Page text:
On Nov. 23, 2005 I moved to The Hague from Washington, DC. This is my new Dutch life.


Happy New Year and BTW CSS is a Major Letdown

I know. I know. I'm very lame. I haven't posted for ages. I've been working for about ten days straight, including 12 hour days last weekend. We finally put away the mountain of clean laundry, but what's left of the Christmas tree still lurks in the corner.

Oh, Happy New Year, btw!

B- and I had a lovely, mellow Christmas and New Year and I promise to post photos of our trips to Vienna and France soon, hopefully this weekend.

Keep reading only if you have at least a marginal interest in Web design, otherwise the rest of this post will bore you. It still may bore you.

One of the things that's keeping me so busy is what was supposed to be a cheap and quickie Web site. The client's current site was built with Cascading Style Sheets (CSS), which are supposed to give designers *more* control over page design. Sounds good to me, and after a few years in "management" I was eager to get my hands dirty, especially with technology that was a mere promise a few years ago.

CSS is still more dream than reality. Some browser makers (eh-hem Microsoft) don't interpret the CSS standards the same way, leaving us with a limited set of the full technology at our disposal. After what I've been through, and lost money on, these past few weeks, I'm convinced, and disappointed, that the CSS is still a step backwards.

If you want to do anything besides style text, designing a CSS site is an exercise in frustration and often futility. I think the spec is fundamentally unintuitive and lends itself to the interpretation problems we see across browsers. The result is often fruitless trial and error coding. Even the most basic layouts in CSS are time consuming and headache causing. I submit into evidence the "float" property. A lot of good elaborate text styling is if you can't put your copy where you want it to go.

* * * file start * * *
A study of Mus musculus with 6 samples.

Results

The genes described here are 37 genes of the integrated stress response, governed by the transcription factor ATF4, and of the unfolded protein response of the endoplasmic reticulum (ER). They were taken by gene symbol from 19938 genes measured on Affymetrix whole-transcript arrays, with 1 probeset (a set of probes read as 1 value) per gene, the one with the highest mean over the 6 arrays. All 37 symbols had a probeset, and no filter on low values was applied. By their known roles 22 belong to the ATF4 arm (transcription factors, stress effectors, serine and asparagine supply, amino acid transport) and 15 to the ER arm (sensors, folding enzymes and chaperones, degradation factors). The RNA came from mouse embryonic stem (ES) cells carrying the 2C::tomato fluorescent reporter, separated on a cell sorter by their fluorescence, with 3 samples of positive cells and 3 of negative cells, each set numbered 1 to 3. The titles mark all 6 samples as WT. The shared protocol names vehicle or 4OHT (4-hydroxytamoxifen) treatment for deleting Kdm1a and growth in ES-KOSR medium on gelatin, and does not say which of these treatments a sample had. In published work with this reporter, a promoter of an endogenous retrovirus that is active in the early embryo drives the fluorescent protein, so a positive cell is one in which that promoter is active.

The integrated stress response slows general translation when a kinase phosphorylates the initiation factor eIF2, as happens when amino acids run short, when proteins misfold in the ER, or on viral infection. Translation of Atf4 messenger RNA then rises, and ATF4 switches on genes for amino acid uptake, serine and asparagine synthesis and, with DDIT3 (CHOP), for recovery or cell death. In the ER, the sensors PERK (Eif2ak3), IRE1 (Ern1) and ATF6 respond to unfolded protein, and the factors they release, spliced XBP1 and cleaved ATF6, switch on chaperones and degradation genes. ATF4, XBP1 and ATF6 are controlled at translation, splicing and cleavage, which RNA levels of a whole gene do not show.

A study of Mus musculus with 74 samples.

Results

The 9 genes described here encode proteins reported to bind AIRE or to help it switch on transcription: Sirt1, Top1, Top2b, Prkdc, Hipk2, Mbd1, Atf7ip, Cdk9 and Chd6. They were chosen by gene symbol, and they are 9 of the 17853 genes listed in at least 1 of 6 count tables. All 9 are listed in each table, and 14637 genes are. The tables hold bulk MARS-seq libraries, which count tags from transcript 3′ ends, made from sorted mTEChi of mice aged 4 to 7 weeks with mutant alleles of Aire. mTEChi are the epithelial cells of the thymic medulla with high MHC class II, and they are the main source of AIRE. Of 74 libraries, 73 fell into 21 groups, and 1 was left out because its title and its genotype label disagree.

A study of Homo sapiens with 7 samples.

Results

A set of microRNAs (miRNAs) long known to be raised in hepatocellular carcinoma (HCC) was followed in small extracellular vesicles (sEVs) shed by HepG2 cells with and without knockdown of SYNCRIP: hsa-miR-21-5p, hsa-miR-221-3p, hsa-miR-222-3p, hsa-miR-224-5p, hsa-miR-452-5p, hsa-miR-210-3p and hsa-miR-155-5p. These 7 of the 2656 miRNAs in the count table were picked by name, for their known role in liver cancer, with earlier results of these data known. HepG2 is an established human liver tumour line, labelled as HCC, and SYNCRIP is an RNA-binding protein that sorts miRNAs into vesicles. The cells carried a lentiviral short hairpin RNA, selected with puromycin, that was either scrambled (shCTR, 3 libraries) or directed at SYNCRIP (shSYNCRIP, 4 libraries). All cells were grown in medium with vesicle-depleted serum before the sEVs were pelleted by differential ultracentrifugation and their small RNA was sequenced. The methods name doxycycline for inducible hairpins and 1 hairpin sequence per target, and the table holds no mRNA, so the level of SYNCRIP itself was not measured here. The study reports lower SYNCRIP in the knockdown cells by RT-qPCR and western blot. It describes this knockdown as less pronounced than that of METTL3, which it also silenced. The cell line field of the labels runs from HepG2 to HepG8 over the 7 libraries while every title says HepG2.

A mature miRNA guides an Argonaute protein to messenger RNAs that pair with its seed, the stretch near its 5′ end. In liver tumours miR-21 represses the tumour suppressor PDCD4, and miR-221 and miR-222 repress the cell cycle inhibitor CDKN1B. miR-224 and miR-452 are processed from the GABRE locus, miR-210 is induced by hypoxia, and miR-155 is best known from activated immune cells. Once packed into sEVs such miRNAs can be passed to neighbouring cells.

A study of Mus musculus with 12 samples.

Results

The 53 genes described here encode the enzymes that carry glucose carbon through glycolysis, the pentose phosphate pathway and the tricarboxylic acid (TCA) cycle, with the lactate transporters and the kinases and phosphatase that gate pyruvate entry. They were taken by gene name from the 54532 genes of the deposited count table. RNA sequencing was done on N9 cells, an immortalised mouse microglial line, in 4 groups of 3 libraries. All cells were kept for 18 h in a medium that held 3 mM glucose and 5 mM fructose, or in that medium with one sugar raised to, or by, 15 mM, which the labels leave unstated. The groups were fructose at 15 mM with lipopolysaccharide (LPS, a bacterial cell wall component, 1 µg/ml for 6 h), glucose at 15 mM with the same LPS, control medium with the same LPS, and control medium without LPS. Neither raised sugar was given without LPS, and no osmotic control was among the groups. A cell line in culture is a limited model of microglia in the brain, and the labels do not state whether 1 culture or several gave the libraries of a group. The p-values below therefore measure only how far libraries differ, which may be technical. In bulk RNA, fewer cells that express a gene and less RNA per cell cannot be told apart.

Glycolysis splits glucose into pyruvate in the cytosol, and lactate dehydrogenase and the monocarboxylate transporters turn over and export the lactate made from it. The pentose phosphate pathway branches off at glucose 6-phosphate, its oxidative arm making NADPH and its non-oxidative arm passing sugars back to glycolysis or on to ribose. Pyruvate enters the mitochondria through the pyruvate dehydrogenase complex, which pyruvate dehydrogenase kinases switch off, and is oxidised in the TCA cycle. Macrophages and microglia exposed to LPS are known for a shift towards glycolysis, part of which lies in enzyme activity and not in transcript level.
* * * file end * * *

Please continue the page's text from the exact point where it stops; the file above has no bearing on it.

Don't get me wrong. There are some wonderful things about CSS. Indeed, I still swoon over the truly beautiful layouts in the CSS Zen Garden. Too bad support for some of the of the best tricks is spotty at best.

The mere notion that the W3C standards are "official" puts developers in a lose-lose situation. CSS is not ready for businesses (or anyone who's Web site reflects on their credibility). CSS layouts are unpredictable at best and when they break, it's quite ugly. On the other hand, some clients have heard about the standards and think they "should be adhered to." Who am I to explain that an international body of developers, including the guy who invented the Web, can't be trusted because other giants bigger than me, don't know what they're doing?

Now gather around kiddies while I tell you the tale about how my first Web site couldn't even display jpegs. While you were worrying about that cute girl in your algebra class, I was pondering the ergonomics of different shades of white backgrounds because that was the extent of "Web design." Then one day Netscape appeared with its proprietary tags, and we all moved to San Francisco and lived happily ever after.

I'm not saying we should throw standards out the window , but next time someone hops up on his high horse about HTML and CSS validators tell him this: we'd be no where today, and I mean no where, without the <table> tag. I thank Marc Andreessen nearly every day.

Now who do I punch for the float property?